Tickets are currently available for Socrates Now…


 

Wednesday, October 23rd, 2019, 7pm
at Merkin Concert Hall at the Kaufman Music Center, 129 W 67th Street (map)

Socrates Now is a 90-minute solo performance-discourse, led by award-winning actor, director, and producer, Yannis Simonides, which captures the essence of Socratic ethics while engaging the audience to think, question, and, perhaps, reconsider.

First presented by Elliniko Theatro in New York in 2004, Socrates Now has since been performed to great acclaim at the United Nations, the Athens Agora, the NBC Today Show, and in over 475 venues in 22 countries, and 10 languages. Leading world universities have combined the performance with interactive seminars on Socratic ethics and how they apply to our society today.

Take a seat in the court of ancient Athens as Socrates goes on trial for his life. You will hear the philosopher face his accusers with his trademark wit, cutting logic, and the courage of his convictions. Consider his arguments on virtue, justice, politics, corruption, civic duty, love of life and hope in death, and, finally, reach your own judgment.

After touring the world for 15 years, Socrates Now is coming home to its city of origin. Post-performance you will have an opportunity to discuss with Mr. Simonides himself the ramifications of your verdict, and its present day implications. A reception will follow the event.

Seating is limited. Tickets at $35 are available though the Merkin Hall box office, with discounted tickets at $20 for students and seniors.

 

Antonakos: “Remembrance” 1989, Collection National Museum of Contemporary Art, Athens

Antonakos: “Remembrance” 1989, Collection National Museum of Contemporary Art, Athens

In November, Stephen Antonakos: A Modernist’s Byzantium — Concert and Panel Discussion

 

Wednesday, November 20th, 2019, 7 pm
at The Morgan Library & Museum, Gilder Lehrman Hall, 225 Madison Avenue (map)

Dr. Helen C. Evans, Mary and Michael Jaharis Curator of Byzantine Art at the Metropolitan Museum, and Robert Storr, artist, curator, and critic, will discuss Byzantine manifestations found throughout six decades of Greek-American artist Stephen Antonakos’s work. We will see many series of projected images illustrating both the Modernist and the Byzantine aspects of his art.

Stephen Antonakos (Greece, November 1, 1926 — New York, August 17, 2013) started using neon around 1960, always in abstract forms, at vastly different scales and with various material combinations. His practice has lent the medium new perceptual and formal meanings in hundreds of gallery and museum shows in New York and internationally. His use of spare, complete and incomplete geometric neon forms has ranged from linear and 3-D indoor installations to painted Neon Canvases, Walls, Panels with painted or gold surfaces, Rooms, and Chapels. Drawing and collage also were constant practices. His work is included in major international collections, including the Metropolitan Museum of Art, The Museum of Modern Art, and The Whitney Museum of American Art in New York; the National Gallery of Art in Washington D.C.; and the National Museum of Contemporary Art in Athens.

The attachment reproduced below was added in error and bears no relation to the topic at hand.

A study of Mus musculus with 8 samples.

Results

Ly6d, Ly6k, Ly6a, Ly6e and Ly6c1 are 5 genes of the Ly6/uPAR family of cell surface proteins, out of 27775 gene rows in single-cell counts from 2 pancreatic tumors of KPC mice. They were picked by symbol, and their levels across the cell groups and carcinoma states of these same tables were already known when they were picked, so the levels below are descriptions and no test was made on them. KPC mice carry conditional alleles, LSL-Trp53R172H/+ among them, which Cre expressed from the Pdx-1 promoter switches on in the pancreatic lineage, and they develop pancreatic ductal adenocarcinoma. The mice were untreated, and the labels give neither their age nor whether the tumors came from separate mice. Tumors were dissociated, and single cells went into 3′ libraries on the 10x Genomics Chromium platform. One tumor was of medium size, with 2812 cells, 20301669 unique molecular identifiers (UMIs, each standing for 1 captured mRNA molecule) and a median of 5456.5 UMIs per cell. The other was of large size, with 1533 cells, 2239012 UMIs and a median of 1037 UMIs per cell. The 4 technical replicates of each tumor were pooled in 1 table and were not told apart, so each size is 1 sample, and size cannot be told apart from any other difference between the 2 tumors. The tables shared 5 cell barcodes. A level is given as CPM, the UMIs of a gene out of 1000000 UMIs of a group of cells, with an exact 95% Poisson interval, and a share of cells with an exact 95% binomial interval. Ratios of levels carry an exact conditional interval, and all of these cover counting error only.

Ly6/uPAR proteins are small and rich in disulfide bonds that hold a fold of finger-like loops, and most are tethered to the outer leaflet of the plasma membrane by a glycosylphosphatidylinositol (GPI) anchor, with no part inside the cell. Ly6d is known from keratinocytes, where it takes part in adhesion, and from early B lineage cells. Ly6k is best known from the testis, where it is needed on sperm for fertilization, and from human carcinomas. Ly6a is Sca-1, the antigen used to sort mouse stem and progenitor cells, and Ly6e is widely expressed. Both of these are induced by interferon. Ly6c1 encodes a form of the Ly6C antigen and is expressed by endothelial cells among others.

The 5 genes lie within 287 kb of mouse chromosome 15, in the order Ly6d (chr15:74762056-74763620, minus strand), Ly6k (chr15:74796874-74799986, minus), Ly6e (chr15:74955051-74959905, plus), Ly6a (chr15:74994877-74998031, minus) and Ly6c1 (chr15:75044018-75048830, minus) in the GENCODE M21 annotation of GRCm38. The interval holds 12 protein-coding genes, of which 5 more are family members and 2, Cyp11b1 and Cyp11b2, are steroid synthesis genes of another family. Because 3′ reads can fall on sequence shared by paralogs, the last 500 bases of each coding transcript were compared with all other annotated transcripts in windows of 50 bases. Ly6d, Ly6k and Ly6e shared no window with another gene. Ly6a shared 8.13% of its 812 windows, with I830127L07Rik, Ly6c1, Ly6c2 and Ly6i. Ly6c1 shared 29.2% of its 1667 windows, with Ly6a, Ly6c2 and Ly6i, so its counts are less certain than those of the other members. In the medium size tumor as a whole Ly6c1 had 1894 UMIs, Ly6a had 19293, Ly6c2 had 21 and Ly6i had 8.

The evening will commence with a piano concert by modernist musician Idith Meshulam Korman. She will perform piano pieces by the Greek composer Nikos Skalkottas, as an introduction to the conceptual connections between Skalkottas’s compositions and Antonakos’s work.

Tickets are not yet available for this event - but join our mailing list to be the first to be notified. 

 

2019 Past Events

February 21, 2019, at Merkin Concert Hall at the Kaufman Music Center

Kiki Karoglou, Associate Curator in the Department of Greek and Roman Art at The Metropolitan Museum of Art, presented the exhibit she curated, Dangerous Beauty: Medusa in Classical Art. The exhibit, was on view at The Met until February 24, 2019.

Beginning in the fifth century B.C., Medusa – the serpentine-haired Gorgon whose gaze turned men to stone – became increasingly anthropomorphic and feminine, undergoing a visual transformation from grotesque to beautiful. A similar shift in representations of other mythical female half-human beings, such as sphinxes, sirens, and the sea monster Scylla – took place at the same time. Featuring sixty artworks, primarily from The Met collection, this exhibition explored for the first time how the beautification of these terrifying figures manifested the idealizing humanism of Classical Greek art, and traces their enduring appeal in both Roman and later Western art. The winter 2018 issue of the Met Bulletin was devoted entirely to this exhibit. A reception with Kiki Karoglou followed the program.